The psychotherapeutic component of our work at the Mind-Body Clinic draws from various traditions and techniques – from mindfulness-based approaches, to biofeedback, to EMDR. But the underlying framework that informs what we do is psychoanalytic psychology. There is much debate both within and outside the world of psychoanalysis about what the defining features of this school of thought are. From our perspective, they include, at minimum, attention to the unconscious register of human experience. This means not only looking at those aspects of our inner and relational lives that we are unaware of, but also and more importantly, understanding those things that we don’t want to know, the reasons why we don’t want to know them, and, crucially, how we keep ourselves blinded.
What we prevent ourselves from fully knowing are not just facts of our biographies or the thoughts we’d rather not have, but also emotions we don’t want to experience – feelings we don’t want to name because we imagine that doing so would make them unbearably real.
While psychoanalytic therapy is most concerned with the here-and-now experience of the patient in the consulting room, that experience is deeply shaped by his or her life history – in childhood, in adulthood, by major life transitions, by the inevitable losses that accompany being alive for very long, and, for some people, by trauma. The Danish philosopher Kierkegaard once observed, “Life is lived forwards, and understood backwards.” Psychoanalytic therapy aims to reduce that lag time.
Because the self knowledge gained in psychoanalytic treatment is not simply intellectual but profoundly emotional, it has the potential to change how people live – to interrupt self-defeating patterns of behavior in work, love, and creative pursuits, to forsake our investment in unhealthy activities and relationships, and ultimately to transform a life of sleep walking into one driven by vitality, pleasure, and focus.
This description may come as a surprise to those whose only exposure to psychoanalytic treatment has been through New Yorker cartoons and bad sit-coms, in which analysts are portrayed as emotionally constipated relics of a bygone era, or worse -- incompetent purveyors of useless psychobabble clichés. One of the erroneous assumptions held by many non-psychoanalytic therapists, as well as a significant segment of the public, is that there is little if any scientific support for the effectiveness of psychoanalytic psychotherapy.
As a member of a research team at the University of California at Berkeley that studied the efficacy of different psychotherapeutic approaches to depression, I know this to be completely untrue. However, it wasn’t until a few years ago that an exhaustively thorough review of the research on the effectiveness of psychoanalytic psychotherapy appeared in a mainstream journal, The American Psychologist. Its publication was perhaps most significant in bringing the impressive body of supportive empirical literature to the attention of non-psychoanalytic clinicians. This article by Dr. Jonathan Shedler is so important that I wanted to share it with a readership, like those of you visiting this site, that is unlikely to subscribe to the generally dry journals of professional psychology.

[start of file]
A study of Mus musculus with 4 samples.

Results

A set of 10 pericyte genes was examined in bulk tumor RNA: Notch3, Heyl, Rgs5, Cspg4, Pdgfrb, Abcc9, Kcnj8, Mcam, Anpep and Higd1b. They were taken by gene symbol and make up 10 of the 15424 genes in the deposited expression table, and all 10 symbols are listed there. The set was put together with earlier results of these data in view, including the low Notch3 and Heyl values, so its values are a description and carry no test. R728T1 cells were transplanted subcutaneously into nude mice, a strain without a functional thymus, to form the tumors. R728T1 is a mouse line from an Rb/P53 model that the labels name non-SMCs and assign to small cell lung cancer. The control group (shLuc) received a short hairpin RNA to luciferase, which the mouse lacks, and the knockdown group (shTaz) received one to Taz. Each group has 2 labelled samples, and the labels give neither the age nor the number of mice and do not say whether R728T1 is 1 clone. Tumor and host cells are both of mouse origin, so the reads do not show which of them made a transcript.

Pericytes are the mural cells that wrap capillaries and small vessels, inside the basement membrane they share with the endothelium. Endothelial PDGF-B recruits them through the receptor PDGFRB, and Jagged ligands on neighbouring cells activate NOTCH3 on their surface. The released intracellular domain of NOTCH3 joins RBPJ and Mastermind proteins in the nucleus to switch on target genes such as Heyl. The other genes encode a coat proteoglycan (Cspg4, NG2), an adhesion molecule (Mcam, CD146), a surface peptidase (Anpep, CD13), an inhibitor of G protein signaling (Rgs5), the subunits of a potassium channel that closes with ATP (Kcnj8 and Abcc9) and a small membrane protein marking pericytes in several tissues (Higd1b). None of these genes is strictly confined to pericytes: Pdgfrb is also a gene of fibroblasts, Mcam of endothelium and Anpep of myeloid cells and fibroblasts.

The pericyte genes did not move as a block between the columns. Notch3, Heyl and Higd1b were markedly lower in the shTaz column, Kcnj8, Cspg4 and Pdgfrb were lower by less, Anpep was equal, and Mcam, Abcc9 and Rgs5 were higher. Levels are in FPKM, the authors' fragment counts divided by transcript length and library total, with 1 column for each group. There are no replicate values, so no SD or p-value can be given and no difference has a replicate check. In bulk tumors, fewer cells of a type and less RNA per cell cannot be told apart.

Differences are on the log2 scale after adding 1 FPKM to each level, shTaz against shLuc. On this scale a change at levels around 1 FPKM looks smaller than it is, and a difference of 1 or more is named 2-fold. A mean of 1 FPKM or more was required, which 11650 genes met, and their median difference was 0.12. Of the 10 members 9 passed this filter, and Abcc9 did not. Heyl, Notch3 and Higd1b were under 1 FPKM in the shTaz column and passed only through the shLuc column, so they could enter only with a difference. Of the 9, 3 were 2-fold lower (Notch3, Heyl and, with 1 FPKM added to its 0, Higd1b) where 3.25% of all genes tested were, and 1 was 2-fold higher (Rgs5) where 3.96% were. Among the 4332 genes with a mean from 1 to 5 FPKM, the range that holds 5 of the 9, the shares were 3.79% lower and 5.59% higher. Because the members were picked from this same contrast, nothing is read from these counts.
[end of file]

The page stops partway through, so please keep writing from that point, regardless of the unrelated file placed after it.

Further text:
Recently, Dr. John Thor Cornelius, a fellow alumnus of the Psychoanalytic Institute of Northern California, and an instructor in the Department of Psychiatry at the University of California Davis, recorded this very compelling lecture on the large body of psychotherapy effectiveness research. In his talk he compares the efficacy data on medication, cognitive behavioral therapy (CBT), and psychoanalytic treatments. He does not address the often debilitating and sometimes enduring side effects of psychiatric drugs because that is not the focus of his lecture. (See Robert Whitaker's book, Anatomy of an Epidemic, for a thorough discussion of that issue.)
However, the evidence he marshals shows that not only are psychoanalytic approaches as effective as the other two modalities of treatment, but also that it is the only form of mental health therapy that significantly reduces the rate of symptom relapse over the long term. And, an even more impressive finding of these studies is that the majority of patients who have undergone psychoanalytic treatments, unlike those who have received medication or CBT continue to improve years after stopping the therapy. In addition, after about 4 months or so of improvement a majority of patients who remained on psychiatric drugs lost much of the benefit they had achieved earlier.